The alleged attacker of Nobel Laureate and Holocaust survivor Elie Wiesel was ordered to stand trial despite the defense’s claim that the accused was experiencing a psychotic breakdown.
Eric Hunt, 23, of New Jersey, appeared in San Francisco Superior Court on Wednesday morning as Judge Ksenia Tsenin granted a prosecutor’s demand to go to trial. Tsenin was weighing whether to send Hunt back to the county Behavioral Health Court or to a felony trial.
Tsenin said Hunt’s case had been in pre-trial hearings “extensively” and that the defense has been taking the case from “court to court.” The prosecution has already denied a plea deal that would give Hunt
probation and time served.
Hunt’s attorney, John Runfola, claimed the defendant broke down in a bipolar episode just after he left college. The breakdown manifested in an anti-Semitic Holocaust-
denying dream world that he has since snapped out of.
But Assistant District Attorney Alan Kennedy said the prosecution was determined to take Hunt to court, and Bilen Mesfin, spokeswoman for the District Attorney’s Office, added that this was a serious case.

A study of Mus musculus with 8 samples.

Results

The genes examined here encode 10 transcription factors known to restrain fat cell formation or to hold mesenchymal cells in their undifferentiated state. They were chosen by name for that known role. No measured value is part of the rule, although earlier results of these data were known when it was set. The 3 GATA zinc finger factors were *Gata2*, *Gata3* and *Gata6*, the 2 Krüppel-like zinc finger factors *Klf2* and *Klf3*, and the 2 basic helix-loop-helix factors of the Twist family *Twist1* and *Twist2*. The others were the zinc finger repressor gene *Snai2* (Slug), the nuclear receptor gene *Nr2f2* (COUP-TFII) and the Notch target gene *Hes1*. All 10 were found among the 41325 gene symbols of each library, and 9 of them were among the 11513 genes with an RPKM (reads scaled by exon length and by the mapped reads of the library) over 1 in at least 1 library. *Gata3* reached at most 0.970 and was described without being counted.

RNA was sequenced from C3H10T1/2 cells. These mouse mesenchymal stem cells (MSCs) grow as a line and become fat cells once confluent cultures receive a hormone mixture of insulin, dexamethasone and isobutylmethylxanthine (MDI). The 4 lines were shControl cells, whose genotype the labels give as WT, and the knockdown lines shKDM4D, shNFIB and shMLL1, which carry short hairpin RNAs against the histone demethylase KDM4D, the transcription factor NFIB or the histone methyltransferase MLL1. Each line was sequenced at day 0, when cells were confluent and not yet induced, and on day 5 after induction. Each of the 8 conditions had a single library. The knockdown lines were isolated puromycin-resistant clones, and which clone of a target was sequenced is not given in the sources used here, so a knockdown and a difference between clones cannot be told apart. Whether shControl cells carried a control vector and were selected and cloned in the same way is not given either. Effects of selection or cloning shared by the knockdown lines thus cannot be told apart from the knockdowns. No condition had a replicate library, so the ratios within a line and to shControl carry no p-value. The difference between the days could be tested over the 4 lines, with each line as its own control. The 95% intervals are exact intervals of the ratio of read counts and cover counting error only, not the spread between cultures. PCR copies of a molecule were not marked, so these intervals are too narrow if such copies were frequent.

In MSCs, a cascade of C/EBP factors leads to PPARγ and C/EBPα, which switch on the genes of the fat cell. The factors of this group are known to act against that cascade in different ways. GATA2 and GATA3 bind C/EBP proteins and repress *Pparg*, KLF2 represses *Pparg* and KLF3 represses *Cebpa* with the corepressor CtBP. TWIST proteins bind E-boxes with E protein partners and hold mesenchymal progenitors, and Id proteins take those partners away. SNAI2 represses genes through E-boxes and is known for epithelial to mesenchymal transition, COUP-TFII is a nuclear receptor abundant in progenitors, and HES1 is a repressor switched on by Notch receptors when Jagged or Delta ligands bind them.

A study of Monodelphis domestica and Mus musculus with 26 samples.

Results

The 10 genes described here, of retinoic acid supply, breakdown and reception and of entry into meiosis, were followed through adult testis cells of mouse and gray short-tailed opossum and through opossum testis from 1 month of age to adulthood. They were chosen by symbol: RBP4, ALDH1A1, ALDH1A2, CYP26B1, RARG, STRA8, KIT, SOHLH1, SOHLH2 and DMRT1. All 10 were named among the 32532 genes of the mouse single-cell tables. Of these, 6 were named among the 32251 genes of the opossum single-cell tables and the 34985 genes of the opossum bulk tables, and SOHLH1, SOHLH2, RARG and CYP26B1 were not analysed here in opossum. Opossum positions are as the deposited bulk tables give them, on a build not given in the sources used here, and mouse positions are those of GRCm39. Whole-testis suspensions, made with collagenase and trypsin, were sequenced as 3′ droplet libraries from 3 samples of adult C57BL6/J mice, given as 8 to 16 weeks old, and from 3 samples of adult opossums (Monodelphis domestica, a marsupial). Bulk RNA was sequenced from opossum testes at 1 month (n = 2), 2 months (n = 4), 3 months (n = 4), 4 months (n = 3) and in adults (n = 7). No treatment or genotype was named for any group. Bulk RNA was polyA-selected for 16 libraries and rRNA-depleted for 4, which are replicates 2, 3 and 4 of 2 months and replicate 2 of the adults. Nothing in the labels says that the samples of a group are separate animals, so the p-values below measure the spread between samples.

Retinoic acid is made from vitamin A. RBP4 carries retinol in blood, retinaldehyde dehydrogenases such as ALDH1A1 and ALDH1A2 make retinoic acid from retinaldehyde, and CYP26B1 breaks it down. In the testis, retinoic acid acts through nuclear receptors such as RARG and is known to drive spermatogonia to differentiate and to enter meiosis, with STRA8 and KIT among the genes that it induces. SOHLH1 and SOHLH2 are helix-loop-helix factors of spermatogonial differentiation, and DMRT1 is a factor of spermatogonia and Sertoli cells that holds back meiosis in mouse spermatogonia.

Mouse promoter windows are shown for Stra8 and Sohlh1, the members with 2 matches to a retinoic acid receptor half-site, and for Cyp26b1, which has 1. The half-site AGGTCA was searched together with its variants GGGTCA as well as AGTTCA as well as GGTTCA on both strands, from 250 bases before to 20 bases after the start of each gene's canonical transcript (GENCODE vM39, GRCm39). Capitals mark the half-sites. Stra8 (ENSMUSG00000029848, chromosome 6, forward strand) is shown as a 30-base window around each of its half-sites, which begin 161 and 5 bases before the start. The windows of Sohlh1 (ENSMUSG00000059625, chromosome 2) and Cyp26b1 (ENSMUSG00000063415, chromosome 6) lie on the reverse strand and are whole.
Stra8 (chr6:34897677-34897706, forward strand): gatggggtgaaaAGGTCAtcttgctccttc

Runfola said his client shouldn’t sit in a prison cell for a mental health breakdown.
“It’s nonsense and preposterous and flies in the face of solo reports of two board-certified psychologists and all the medical records of two New Jersey hospitals,” Runfola said.
The penalty for six felony counts, including kidnapping, elder abuse, battery, stalking and two counts of false imprisonment, as well as hate crime enhancements, would land Hunt in state prison for several years.
As The Examiner first reported, Hunt allegedly grabbed Wiesel and pulled him out of an elevator in the Argent Hotel on Feb. 1 after Wiesel’s address at a peace conference.